County commissioners allocated $3.3 million in federal coronavirus recovery dollars to bolster domestic violence resources in the courts system and other parts of Bexar County.
Several judges requested even more help, given the scope of the need.
Bexar County Judge Nelson Wolff called a special meeting of the Commissioners Court on Tuesday to discuss the increase of domestic violence cases in the county’s courts.
In order to alleviate the case backlog, the county budget office recommended taking $3.3 million of American Rescue Plan Act funding and putting it toward the county criminal courts that handle misdemeanors, the district attorney’s office, the civil district courts and the office of criminal justice.
Family violence cases have risen steadily, even pre-pandemic. A report from the Bexar County budget office found that between fiscal year 2016 and 2020, misdemeanor family violence assault case filings have increased by 15.2% even while overall misdemeanor caseload decreased by 32.7% during the same time period.
The coronavirus pandemic exacerbated the problem, not only because courts shut down, but also due to the higher number of family violence cases filed with the judicial system.
Judge Kimberly Burley of the Bexar County Children’s Court was one of a number of judges who requested funding for another full-time associate judge to handle family violence cases. She told commissioners she often does not even have time to take a lunch break due to the volume of cases she has to address.
“Please understand, this is not a complaint about the work that we do,” she said. “We enjoy the work that we do. It is very rewarding. But the children and families of Bexar County deserve more. They deserve for us to be able to give more to these cases.”
Judge Rosie Speedlin Gonzalez of County Court 13, which is one of the two county courts dedicated to domestic violence cases, argued that visiting judges would not be fully equipped to take on family violence cases. She also advocated for adding more full-time judges to address the backlog, saying that “stop-gap” measures don’t lead to success.
“I’m asking you as stewards of public money to consider setting aside political theater and investing in the future of our county, putting processes and protocols in place that we won’t get to see but will benefit our children and our grandchildren,” she said.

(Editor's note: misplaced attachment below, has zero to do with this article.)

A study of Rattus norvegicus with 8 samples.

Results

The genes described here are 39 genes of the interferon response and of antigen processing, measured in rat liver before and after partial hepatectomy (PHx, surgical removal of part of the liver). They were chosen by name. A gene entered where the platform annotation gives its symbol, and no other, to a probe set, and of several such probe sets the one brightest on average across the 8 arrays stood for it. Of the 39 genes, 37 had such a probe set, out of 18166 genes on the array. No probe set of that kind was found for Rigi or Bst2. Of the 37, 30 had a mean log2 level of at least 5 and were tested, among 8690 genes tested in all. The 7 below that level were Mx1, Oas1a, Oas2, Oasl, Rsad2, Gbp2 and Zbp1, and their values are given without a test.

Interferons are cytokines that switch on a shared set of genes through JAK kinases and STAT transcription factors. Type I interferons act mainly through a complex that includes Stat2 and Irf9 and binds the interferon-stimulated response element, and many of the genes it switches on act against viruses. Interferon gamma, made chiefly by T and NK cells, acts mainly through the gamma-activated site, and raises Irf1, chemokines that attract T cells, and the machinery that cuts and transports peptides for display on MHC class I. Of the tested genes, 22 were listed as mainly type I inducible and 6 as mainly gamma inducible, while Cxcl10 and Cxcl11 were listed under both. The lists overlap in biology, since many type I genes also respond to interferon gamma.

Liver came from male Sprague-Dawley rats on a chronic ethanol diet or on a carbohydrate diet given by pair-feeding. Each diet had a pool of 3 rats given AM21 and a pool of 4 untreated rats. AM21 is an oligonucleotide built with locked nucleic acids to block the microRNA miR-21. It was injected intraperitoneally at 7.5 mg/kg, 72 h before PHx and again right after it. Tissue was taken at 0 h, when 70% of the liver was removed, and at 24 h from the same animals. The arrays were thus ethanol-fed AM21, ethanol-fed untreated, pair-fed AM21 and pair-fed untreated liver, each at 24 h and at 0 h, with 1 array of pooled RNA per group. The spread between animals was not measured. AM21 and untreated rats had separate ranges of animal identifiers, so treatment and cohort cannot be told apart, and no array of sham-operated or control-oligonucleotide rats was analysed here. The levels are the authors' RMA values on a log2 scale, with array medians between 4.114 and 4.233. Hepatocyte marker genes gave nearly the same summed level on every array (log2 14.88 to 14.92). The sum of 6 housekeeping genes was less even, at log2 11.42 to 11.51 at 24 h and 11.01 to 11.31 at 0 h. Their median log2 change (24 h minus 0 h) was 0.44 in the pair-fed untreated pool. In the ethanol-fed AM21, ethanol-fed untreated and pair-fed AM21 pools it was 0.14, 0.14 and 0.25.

“We are a growing community. We brag about what a prosperous business community we have, but in truth that’s just a charade. Because we have such a sick and traumatized community. And unless we start to address that sickness, that trauma, it will all come crumbling down.”
County Manager David Smith said that Tuesday’s action had a narrow goal: to tackle the backlog of domestic violence cases, which county staff estimates will take a couple of years to go through. The recommendation is about getting the backlog adjudicated, he said, rather than trying to solve the problem of domestic violence in total.
County commissioners voted to approve staff’s recommendation to put $2.7 million toward new and pending misdemeanor family violence cases, which would include paying for two visiting judges and staff to support those two temporary courts, such as coordinators, bailiffs and prosecutors for the district attorney’s office.
The $3.3 million also includes $542,995 for a GPS-supervision program to be administered by the county’s Office of Criminal Justice. Through the program, a GPS wristwatch notifies victims and the county when a defendant violates court-ordered distancing.
Commissioners allocated $414,946 for the civil district courts, which would cover a deputy sheriff bailiff and district clerk position as well as giving $250,000 to Texas RioGrande Legal Aid so the nonprofit can provide legal services to victims and children.
Bexar County Judge Nelson Wolff reminded his colleagues on Tuesday that the Commissioners Court allocated $780,336 to the Children’s Court in the fiscal year 2022 budget as well. Adding the $414,946 from ARPA funds, “that makes it a little over $1 million” going to the civil courts, he said.
Though commissioners unanimously approved the $3.3 million ARPA allocation, Commissioner Rebeca Clay-Flores (Pct. 1) wanted to note that providing more money to the courts would not be the only way they addressed Bexar County’s domestic violence problems.
“It’s also about the schools. It’s also about the nonprofits,” she said. “It’s about all of us working together.”